Gang and youth violence offences in Ealing have continued to decline since the summer riots of 2011.
Wounding offences for 10-19 year olds in the borough dropped by 22 from 2010-2011 to 2012-2013 while grievous bodily harm (GBH) figures for the same age range and time frame decreased by two.
On the whole, gang and youth violence offending declined in all of the 18 boroughs surveyed, as part of a comprehensive £10 million Home Office project targeted at the most at-risk areas for gang culture.
Aspects of the campaign included improved information sharing between criminal justice agencies and a better referral system to ensure youths identified as being at risk of homelessness or mental health problems did not turn to gang culture or offending behaviour.
The figures published on January 6 by London Probation Trust however, show much still remains to be done to tackle this problem across the capital. The Trust is currently working with around 1,350 gang members in London as part of a specialist unit it set up last April (2013) to address the complexities of the crime and help tackle the cycle of reoffending.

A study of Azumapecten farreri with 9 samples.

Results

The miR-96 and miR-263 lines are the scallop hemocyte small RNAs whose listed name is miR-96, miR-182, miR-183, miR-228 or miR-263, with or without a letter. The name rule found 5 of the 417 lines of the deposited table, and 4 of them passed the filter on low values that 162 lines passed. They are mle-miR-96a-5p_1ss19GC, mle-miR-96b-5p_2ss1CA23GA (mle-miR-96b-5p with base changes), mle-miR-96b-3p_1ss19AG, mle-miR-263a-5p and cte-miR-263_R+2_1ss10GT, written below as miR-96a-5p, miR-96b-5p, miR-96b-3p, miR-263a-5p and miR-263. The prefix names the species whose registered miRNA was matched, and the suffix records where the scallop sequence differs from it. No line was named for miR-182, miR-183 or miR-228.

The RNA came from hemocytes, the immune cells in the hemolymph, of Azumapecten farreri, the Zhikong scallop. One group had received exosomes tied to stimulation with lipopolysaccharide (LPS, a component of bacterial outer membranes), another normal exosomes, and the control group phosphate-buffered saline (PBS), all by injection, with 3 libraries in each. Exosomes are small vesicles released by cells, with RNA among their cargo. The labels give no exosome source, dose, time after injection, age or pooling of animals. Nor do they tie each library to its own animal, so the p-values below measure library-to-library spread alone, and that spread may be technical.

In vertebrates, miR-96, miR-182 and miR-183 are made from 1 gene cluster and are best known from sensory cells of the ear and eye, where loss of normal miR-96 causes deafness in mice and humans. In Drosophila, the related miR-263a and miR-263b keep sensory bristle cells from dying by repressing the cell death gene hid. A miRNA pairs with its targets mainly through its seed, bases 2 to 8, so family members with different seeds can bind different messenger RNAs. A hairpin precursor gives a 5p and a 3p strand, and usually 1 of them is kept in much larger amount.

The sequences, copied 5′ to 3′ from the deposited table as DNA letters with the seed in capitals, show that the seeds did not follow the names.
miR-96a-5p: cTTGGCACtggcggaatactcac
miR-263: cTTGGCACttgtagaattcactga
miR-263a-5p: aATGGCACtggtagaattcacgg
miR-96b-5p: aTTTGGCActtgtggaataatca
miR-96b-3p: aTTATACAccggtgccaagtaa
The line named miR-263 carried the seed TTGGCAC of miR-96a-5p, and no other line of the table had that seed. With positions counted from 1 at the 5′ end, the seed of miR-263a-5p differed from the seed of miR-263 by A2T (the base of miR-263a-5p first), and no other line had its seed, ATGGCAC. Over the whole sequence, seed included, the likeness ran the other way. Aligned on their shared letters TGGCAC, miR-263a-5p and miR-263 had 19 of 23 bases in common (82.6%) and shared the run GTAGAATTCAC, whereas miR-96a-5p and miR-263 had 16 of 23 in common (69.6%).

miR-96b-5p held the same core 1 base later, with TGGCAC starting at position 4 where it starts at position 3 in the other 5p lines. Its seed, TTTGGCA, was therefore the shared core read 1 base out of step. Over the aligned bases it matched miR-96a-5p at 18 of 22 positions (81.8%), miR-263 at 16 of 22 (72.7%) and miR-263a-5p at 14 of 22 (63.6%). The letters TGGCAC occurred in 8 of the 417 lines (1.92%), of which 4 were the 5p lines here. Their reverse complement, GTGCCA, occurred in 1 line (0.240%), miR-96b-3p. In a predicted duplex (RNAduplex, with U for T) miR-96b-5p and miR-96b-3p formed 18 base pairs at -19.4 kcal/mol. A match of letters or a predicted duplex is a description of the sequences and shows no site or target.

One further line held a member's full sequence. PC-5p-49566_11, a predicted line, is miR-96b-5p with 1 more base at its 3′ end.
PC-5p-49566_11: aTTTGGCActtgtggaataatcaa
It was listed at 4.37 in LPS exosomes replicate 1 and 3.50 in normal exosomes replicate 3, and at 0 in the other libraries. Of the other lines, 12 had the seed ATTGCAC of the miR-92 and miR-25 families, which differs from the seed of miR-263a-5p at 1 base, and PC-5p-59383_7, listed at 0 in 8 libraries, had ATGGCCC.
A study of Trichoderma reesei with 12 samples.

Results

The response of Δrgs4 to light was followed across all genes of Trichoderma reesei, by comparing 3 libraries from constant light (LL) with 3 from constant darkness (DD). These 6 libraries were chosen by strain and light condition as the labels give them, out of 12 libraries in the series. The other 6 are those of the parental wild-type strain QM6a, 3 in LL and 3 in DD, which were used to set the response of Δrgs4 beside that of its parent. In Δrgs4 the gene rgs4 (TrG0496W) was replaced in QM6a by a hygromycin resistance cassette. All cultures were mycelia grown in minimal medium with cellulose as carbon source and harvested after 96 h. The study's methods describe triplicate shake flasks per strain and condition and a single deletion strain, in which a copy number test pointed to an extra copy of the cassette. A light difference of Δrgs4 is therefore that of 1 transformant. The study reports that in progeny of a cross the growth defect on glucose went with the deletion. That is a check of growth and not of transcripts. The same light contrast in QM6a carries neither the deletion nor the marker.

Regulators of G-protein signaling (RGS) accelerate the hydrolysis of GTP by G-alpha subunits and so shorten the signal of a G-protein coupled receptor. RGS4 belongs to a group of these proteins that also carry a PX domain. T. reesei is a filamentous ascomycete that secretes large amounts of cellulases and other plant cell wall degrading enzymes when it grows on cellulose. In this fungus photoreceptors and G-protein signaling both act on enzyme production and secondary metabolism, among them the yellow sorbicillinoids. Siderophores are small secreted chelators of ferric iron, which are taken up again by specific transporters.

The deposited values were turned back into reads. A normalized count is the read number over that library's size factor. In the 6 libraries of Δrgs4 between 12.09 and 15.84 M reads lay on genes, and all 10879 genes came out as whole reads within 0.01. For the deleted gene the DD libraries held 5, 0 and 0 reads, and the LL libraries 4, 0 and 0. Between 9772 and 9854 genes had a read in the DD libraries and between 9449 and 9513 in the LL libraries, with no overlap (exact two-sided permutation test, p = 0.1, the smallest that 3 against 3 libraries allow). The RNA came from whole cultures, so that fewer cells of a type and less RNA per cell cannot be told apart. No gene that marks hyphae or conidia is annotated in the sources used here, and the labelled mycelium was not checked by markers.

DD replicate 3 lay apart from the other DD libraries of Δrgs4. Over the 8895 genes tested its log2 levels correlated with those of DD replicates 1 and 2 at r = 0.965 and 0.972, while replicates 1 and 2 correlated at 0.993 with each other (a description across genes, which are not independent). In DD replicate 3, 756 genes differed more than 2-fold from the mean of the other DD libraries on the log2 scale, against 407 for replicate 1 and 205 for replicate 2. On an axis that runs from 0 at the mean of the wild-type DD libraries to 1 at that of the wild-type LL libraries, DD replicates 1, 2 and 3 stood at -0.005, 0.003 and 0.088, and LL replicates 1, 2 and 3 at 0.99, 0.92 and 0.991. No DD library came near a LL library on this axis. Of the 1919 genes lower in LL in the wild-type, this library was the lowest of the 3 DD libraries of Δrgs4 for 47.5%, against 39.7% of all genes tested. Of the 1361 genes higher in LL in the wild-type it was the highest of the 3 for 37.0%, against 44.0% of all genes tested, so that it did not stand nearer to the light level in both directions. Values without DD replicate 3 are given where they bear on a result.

Andrew Hillas, Assistant Chief Officer at London Probation Trust said: “We are aware that it is a small minority of gang members who commit the greatest harm. It is critical we work closely in partnership with local community organisations with a specialist track record of successfully helping young people leave gangs, as well as the local police.
“Our strategic and co-ordinated approach is recognised by the Mayor’s Office for Policing and Crime as a beacon of good practice and we aim to further extend our activities across London to reduce the impact and levels of gang crime.”